24 January 2010


This year, I'm late posting my ballots for the annual Chlotrudis film poll -- so late, in fact, that the results are already in. I don't know if they're just popular, obvious choices or whether few people voted this year, but my top films also topped the polls.


1. Before Sunset (dir: Richard Linklater, 2004)
2. 2046 (Wong Kar Wai, 2004)
3. The Wayward Cloud (Tsai Ming-Liang, 2005)
4. Superman II (Richard Lester, 1980)
5. Russian Dolls (Cedric Klapisch, 2005)
6. Gremlins 2: The New Batch (Joe Dante, 1990)
7. After the Thin Man (W.S. Van Dyke, 1936)
8. Star Trek IV: The Voyage Home (Leonard Nimoy, 1986)
9. Bride of Frankenstein (James Whale, 1935)
10. The Barbarian Invasions (Denys Arcand, 2003)
11. Silence of the Lambs (Jonathan Demme, 1991)
12. Return to Oz (Walter Murch, 1985)
13. X2 - X-Men United (Bryan Singer, 2003)
14. Saraband (Ingmar Bergman, 2003)
15. The Dark Knight (Christopher Nolan, 2008)

For me, BEFORE SUNSET was an immediate choice for number one. Initially, it seemed like a terrible idea that Linklater, Julie Delpy and Ethan Hawke would craft a sequel to BEFORE SUNRISE (1995), a charming film about a young man and woman who meet on a train in Vienna and have one day to spend together. What makes BEFORE SUNSET such an unexpectedly successful sequel is in how it opens up this limited premise, allowing the two leads to meet up a decade later, only this time not by chance or coincidence. Linklater uses this reunion to say a lot about how time changes and weathers us. Transpiring in real time and long takes, this sequel reveals so much more to us than the first film; its lovely, daring conclusion is practically exhilarating in all of the possibilities it suggests, none less than an urge to see them reunite again.

However, for the most part, I hate sequels - many are uninspired attempts to build a franchise and it's pretty depressing how many of these dreary cash-ins are successful at doing so. One could submit up to 25 entries for this poll and I barely made it to 15. Most of my favorites are, predictably, independent and foreign films from the past decade that I loved, although SUPERMAN II instantly sprung to mind as the rare sequel that outclasses the original in almost every way. As for the anarchic GREMLINS 2, I haven't seen it in nearly twenty years, but I remember it gleefully tearing the original film apart, which is something more sequels should do.

In compiling this list, I completely forgot Michael Apted's "Up" series because I see the films as parts of a whole rather than sequels, but if they're eligible, then 49 UP should've had a place in the top five.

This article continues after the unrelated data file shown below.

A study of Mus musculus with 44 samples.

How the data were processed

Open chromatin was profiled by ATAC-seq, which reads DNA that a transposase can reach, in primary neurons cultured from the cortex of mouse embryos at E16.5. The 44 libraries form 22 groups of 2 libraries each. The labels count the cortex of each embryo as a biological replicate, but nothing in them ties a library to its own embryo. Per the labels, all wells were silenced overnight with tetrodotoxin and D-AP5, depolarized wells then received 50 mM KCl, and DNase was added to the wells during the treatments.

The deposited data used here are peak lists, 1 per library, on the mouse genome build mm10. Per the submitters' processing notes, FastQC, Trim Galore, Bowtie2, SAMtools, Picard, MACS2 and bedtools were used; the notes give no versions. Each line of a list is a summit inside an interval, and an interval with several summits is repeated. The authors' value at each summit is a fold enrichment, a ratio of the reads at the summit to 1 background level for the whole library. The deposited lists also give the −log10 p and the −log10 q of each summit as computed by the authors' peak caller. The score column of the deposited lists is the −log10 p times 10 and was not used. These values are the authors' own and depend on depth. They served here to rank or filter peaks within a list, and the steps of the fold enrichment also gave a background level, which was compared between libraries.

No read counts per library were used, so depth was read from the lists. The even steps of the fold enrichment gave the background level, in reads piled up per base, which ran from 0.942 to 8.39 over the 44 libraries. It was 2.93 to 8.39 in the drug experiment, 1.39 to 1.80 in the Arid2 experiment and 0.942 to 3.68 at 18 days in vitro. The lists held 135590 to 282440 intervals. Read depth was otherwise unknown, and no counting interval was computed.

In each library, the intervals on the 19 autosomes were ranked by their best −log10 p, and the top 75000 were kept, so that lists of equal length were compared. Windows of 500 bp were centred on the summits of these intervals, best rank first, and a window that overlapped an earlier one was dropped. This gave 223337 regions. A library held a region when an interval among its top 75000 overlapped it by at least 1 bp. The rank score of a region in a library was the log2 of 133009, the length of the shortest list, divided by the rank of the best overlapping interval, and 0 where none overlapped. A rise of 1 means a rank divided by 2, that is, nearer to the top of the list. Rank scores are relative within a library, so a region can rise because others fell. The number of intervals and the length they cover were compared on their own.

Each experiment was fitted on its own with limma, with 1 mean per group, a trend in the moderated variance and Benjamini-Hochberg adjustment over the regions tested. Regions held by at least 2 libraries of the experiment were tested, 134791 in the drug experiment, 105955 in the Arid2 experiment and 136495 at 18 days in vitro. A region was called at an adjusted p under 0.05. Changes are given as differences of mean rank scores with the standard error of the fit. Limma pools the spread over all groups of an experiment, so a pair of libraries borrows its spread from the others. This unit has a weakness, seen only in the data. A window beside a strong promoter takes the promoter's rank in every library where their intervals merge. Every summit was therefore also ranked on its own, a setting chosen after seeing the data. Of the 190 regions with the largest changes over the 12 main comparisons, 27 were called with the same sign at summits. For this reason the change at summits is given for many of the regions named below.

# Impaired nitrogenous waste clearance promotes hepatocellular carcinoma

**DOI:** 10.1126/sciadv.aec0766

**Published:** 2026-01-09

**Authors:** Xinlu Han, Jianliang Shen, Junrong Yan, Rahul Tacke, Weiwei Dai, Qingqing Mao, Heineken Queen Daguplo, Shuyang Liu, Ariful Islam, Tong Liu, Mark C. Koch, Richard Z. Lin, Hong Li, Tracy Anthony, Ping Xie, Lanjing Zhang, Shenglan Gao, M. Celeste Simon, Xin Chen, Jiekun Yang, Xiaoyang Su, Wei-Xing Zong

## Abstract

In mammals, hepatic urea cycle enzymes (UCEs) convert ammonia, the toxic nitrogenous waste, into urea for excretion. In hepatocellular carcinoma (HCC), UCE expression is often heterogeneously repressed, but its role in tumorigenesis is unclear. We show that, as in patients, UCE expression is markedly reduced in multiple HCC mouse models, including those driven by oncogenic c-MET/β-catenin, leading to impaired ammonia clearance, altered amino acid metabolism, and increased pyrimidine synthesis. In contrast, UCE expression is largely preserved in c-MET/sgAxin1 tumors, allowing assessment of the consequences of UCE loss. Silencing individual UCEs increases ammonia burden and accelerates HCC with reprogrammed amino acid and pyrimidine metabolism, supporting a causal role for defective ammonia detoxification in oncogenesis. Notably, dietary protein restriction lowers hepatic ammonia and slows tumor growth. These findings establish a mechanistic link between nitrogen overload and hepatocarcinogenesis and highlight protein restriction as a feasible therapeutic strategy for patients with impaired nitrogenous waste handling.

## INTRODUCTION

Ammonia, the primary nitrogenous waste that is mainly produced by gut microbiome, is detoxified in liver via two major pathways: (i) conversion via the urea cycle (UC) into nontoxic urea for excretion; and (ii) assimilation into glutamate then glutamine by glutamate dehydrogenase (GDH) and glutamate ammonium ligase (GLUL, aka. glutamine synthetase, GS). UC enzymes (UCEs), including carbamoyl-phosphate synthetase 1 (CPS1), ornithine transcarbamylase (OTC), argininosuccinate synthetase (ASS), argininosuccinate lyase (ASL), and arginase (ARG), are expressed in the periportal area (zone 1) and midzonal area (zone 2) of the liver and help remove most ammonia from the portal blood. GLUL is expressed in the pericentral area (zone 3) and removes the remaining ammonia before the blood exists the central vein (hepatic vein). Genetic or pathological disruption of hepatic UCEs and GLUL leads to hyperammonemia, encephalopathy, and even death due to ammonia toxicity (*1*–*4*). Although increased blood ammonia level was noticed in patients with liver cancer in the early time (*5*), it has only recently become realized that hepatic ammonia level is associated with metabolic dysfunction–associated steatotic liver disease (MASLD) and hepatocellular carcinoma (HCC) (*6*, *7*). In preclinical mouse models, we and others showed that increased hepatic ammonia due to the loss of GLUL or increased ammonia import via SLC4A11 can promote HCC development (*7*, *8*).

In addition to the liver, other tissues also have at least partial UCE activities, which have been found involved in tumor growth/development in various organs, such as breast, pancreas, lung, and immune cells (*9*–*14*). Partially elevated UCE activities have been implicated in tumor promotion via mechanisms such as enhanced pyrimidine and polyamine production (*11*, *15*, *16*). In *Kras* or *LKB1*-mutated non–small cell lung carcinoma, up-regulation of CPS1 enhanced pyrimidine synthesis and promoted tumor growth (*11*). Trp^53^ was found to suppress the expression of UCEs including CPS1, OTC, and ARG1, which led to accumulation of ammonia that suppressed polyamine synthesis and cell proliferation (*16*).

1. Far From Heaven (dir: Todd Haynes, 2002)
2. Nosferatu (Werner Herzog, 1979)
3. Happiness of the Katikuris (Takashi Miike, 2001)
4. The Beat that My Heart Skipped (Jacques Audiard, 2005)
5. Floating Weeds (Yasujiro Ozu, 1959)
6. 12 Monkeys (Terry Gilliam, 1995)
7. The Talented Mr. Ripley (Anthony Minghella, 1999)
8. Some Like it Hot (Billy Wilder, 1959)
9. His Girl Friday (Howard Hawks, 1940)
10. Invasion of the Body Snatchers (Philip Kaufman, 1978)
11. Imitation of Life (Douglas Sirk, 1959)
12. Victor/Victoria (Blake Edwards, 1982)
13. The Manchurian Candidate (Jonathan Demme, 2004)
14. Reefer Madness: The Movie Musical (Andy Fickman, 2005)
15. The Quiet American (Philip Noyce, 2002)
16. A Star is Born (George Cukor, 1954)
17. The Departed (Martin Scorsese, 2006)
18. Little Shop of Horrors (Frank Oz, 1986)
19. The Thing (John Carpenter, 1982)
20. Dawn of the Dead (Zack Snyder, 2004)
21. An Ideal Husband (Oliver Parker, 1999)
22. Dirty Rotten Scoundrels (Frank Oz, 1988)
23. Zatoichi (Takeshi Kitano, 2003)
24. Oceans 11 (Steven Soderbergh, 2001)
25. Charlie and the Chocolate Factory (Tim Burton, 2005)

Remakes are so much more fun than sequels because they give filmmakers an opportunity to provide a unique spin on an old story. While not by any means a straight ahead remake of ALL THAT HEAVEN ALLOWS (Douglas Sirk, 1956), FAR FROM HEAVEN lovingly recreates the style of 1956 but takes the basic outline of the original story, and retells it in a way that could only be done long after that - making the Rock Hudson stand-in African American and one other major character gay. Instead of doing so with a nudge-wink "boy, weren't the 1950s wacky" glibness, Haynes is completely serious, making exactly the film Sirk would have if issues such as interracial romance and homosexuality (which, after all, were around in 1956) weren't taboo in Hollywood. FAR FROM HEAVEN is as revisionist as it is a tribute.

Other entries on this list are either vast improvements on the originals (THE TALENTED MR. RIPLEY, FLOATING WEEDS), terrific new versions of obscurities (THE HAPPINESS OF THE KATIKURIS, DIRTY ROTTEN SCOUNDRELS), wildly original takes on old films (Herzog's Klaus Kinski-starring NOSFERATU), films redone in different genres (REEFER MADNESS: THE MOVIE MUSICAL, LITTLE SHOP OF HORRORS) and true oddities like Demme's THE MANCHURIAN CANDIDATE, not at all better than Frankenheimer's brilliant original, but a gutsy, modern day take that's far more effective than most lazy, unimaginative remakes of seminal films.